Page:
We all have more to read than we can get to.
So how can we expect time-starved B2B execs to read our latest 10-page white paper?
“Executives know that white papers provide them with valuable information,” writes Jonathan Kantor in his refreshing book Crafting White Paper 2.0.
“Unfortunately, the traditional all-text white paper… requires too much time to sift through,” he notes.
“To gain the attention of the time-and-attention-challenged business reader, new formats must be incorporated into white paper content.”
We can’t argue with that.
For the past 20 years, white papers have been getting shorter, more colorful, and better designed.
Kantor’s book encourages white paper creators to carry on these trends.
He argues for better design and content to make these documents more accessible to busy executives.
The author has a wealth of experience in B2B white papers, after working with tech companies like Adobe, Apple, Intel, J.D. Edwards (now Oracle), and Microsoft.
Here are a few tips from Kantor for anyone doing white papers.
White paper 2.0 tip 1: Update your thinking
Certainly, a white paper needs to be fact-driven and take a dignified tone.
But yesterday’s “wall of text” doesn’t cut it anymore.
Here’s what Kantor says the white paper 2.0 is about:
- Concise size (12 pages max)
- Suitable for reading on-screen
- More color
- Better layout and design
- Attention-getting enhancements: callouts, graphics, bullets, and boxes
- Designed for online sharing through social media
If your white papers still look like something pumped out of Word, it’s time for an update.
White paper 2.0 tip 2: Use summaries
The oldest trick in the book for a communicator is to “tell ’em what you’re going to tell ’em, tell ’em, and then tell ’em what you told ’em.”
These three chunks map perfectly to a white paper’s executive summary, main body, and conclusions.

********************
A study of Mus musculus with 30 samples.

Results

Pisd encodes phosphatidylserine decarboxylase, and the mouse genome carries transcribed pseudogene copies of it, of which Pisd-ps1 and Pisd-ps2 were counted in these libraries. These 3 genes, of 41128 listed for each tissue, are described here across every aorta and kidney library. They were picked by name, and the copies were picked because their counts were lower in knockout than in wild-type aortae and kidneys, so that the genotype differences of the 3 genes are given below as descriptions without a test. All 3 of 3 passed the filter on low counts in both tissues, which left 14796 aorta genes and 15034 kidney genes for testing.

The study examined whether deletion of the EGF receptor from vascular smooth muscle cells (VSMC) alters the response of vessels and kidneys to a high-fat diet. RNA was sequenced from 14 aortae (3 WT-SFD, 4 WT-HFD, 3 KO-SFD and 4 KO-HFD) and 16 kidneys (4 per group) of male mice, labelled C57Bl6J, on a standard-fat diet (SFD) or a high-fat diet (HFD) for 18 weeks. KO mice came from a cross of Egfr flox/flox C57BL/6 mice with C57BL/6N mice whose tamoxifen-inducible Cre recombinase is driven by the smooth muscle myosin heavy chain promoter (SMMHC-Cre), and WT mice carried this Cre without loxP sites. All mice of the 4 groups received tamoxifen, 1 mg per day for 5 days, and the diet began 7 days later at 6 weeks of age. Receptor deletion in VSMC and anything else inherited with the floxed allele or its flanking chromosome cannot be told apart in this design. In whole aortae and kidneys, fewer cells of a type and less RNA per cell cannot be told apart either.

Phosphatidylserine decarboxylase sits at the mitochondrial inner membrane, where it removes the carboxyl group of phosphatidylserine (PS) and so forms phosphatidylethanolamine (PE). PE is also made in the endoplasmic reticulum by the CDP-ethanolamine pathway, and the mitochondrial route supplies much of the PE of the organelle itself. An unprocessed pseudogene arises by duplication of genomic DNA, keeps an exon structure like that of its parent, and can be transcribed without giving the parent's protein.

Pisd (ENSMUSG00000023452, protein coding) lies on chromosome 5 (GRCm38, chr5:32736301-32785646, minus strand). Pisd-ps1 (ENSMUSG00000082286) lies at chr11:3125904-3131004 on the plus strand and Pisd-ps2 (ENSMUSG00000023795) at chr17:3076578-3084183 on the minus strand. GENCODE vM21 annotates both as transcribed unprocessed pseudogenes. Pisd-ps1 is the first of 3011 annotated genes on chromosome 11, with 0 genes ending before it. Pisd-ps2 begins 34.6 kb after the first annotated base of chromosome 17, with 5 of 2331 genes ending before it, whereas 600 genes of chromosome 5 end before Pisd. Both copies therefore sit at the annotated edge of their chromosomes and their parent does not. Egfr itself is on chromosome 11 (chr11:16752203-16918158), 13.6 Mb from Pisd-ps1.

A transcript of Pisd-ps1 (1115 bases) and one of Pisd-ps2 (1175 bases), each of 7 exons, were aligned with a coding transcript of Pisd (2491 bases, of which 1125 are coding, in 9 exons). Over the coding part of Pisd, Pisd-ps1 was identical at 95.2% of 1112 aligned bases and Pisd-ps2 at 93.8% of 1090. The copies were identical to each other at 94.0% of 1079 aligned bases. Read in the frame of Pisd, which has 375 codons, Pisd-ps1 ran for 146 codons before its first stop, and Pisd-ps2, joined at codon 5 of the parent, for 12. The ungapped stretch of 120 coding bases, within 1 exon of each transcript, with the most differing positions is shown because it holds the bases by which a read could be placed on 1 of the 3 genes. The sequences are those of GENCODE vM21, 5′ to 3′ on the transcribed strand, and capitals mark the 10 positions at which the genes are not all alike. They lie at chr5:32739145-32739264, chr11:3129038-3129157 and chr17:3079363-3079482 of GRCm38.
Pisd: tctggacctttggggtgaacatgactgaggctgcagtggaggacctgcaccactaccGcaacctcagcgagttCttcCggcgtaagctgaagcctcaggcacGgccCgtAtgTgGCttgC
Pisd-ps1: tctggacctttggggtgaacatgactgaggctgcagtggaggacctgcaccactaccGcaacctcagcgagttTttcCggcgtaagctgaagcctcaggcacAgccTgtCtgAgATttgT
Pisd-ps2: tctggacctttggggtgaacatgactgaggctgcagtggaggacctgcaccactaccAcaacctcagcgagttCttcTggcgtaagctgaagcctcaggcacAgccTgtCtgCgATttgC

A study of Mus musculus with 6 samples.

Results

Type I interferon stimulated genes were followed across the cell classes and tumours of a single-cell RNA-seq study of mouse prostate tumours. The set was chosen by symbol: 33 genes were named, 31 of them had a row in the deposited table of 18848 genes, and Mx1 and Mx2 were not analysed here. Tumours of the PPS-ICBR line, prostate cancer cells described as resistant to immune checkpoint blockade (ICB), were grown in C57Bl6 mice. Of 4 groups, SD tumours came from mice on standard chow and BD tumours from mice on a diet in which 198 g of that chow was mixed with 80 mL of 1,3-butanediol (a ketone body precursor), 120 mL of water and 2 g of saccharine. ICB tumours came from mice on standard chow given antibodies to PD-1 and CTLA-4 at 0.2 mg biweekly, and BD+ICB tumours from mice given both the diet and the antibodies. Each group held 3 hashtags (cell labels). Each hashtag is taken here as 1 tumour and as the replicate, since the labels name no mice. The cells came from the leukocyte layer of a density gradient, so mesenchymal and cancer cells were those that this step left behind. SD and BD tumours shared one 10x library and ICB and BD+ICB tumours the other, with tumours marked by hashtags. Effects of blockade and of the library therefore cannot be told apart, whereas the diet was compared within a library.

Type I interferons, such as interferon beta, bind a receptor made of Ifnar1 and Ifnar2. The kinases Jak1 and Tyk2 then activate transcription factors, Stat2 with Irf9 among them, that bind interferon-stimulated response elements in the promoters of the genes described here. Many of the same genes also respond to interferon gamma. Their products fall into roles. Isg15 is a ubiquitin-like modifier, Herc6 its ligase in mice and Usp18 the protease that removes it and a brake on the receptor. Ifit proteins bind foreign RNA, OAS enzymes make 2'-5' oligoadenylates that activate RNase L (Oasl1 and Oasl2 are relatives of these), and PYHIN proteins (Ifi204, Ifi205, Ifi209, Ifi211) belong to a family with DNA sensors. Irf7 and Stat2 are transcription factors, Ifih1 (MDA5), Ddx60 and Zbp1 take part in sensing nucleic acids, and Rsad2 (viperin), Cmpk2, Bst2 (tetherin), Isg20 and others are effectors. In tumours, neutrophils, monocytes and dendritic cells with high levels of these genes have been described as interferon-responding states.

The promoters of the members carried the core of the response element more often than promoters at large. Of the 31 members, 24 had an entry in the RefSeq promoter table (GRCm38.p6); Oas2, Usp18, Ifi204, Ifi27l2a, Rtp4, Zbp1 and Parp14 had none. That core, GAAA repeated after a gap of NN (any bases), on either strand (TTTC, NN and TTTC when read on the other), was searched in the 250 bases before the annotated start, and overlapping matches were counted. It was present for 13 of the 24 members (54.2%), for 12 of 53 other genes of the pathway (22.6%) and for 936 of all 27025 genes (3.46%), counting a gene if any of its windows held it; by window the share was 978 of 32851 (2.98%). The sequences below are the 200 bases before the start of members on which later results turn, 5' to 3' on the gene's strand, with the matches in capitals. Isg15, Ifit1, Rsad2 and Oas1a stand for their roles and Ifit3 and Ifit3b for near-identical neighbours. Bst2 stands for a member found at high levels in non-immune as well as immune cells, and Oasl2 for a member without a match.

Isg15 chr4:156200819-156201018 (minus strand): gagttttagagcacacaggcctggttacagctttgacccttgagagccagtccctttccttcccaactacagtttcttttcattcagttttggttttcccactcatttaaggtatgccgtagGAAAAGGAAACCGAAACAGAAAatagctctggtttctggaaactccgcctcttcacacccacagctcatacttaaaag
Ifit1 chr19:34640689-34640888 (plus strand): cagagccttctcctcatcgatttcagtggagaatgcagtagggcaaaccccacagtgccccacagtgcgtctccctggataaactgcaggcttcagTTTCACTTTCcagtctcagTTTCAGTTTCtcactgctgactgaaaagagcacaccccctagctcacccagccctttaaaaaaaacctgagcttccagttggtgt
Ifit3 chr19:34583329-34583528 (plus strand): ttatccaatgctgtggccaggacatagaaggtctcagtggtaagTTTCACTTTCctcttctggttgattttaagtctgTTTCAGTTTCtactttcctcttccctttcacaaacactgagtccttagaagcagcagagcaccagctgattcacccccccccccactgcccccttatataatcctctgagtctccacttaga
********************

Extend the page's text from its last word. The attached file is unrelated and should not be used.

If you’re leaving out the start or the end, you’re missing a critical chance to get your message through.
“The executive summary assumes that readers know nothing about the white paper topic and provides them with introductory and background information that creates an incentive to read the rest,” says Kantor.
There are two types of executive summaries, he notes, and each has its place:
- A preview creates interest, like a movie trailer
- A synopsis sums up the document, like an abstract
On the other hand, “the concluding summary assumes readers have read the entire white paper and as a result, reinforces essential ‘takeaway’ messages.”
Skimmers often flip through the whole document and immediately notice the conclusions at the end.
This is where to place another must-have element, the call-to-action.
Not sure what to use for your call-to-action?
Well, what do you want readers to do after they finish your white paper? That’s your call-to-action.
White paper 2.0 tip 3: No graphic? Use a pull-quote
A pull-quote is a short sentence pulled out of the text and shown in larger print. These make a great visual breaker in an otherwise plain page.
There’s no reason not to use these in white papers.
Keep these short, just one sentence from 10 to 20 words, says Kantor, and you can count on your pull-quote getting noticed by anyone flipping through.
Use a pull-quote on every page, he advises, especially if that page contains no other visual.
These break up the monotony of the text and give you an ideal way to highlight the most important message on that page.
That’s just a taste of the detailed discussion and excellent tips in this book.
The only downside is that the author/publisher didn’t follow his own advice. The pages are a sea of grey with next-to-no visuals to save us from drowning.
That’s likely a constraint of time, money, and the e-book publishing process.
Still, it’s a missed opportunity to showcase what the author means.
Even so, if your firm or client is using white papers to generate business, you owe it yourself to get his book Crafting White Paper 2.0 and use these techniques to capture the attention of today’s crazy-busy decision-makers.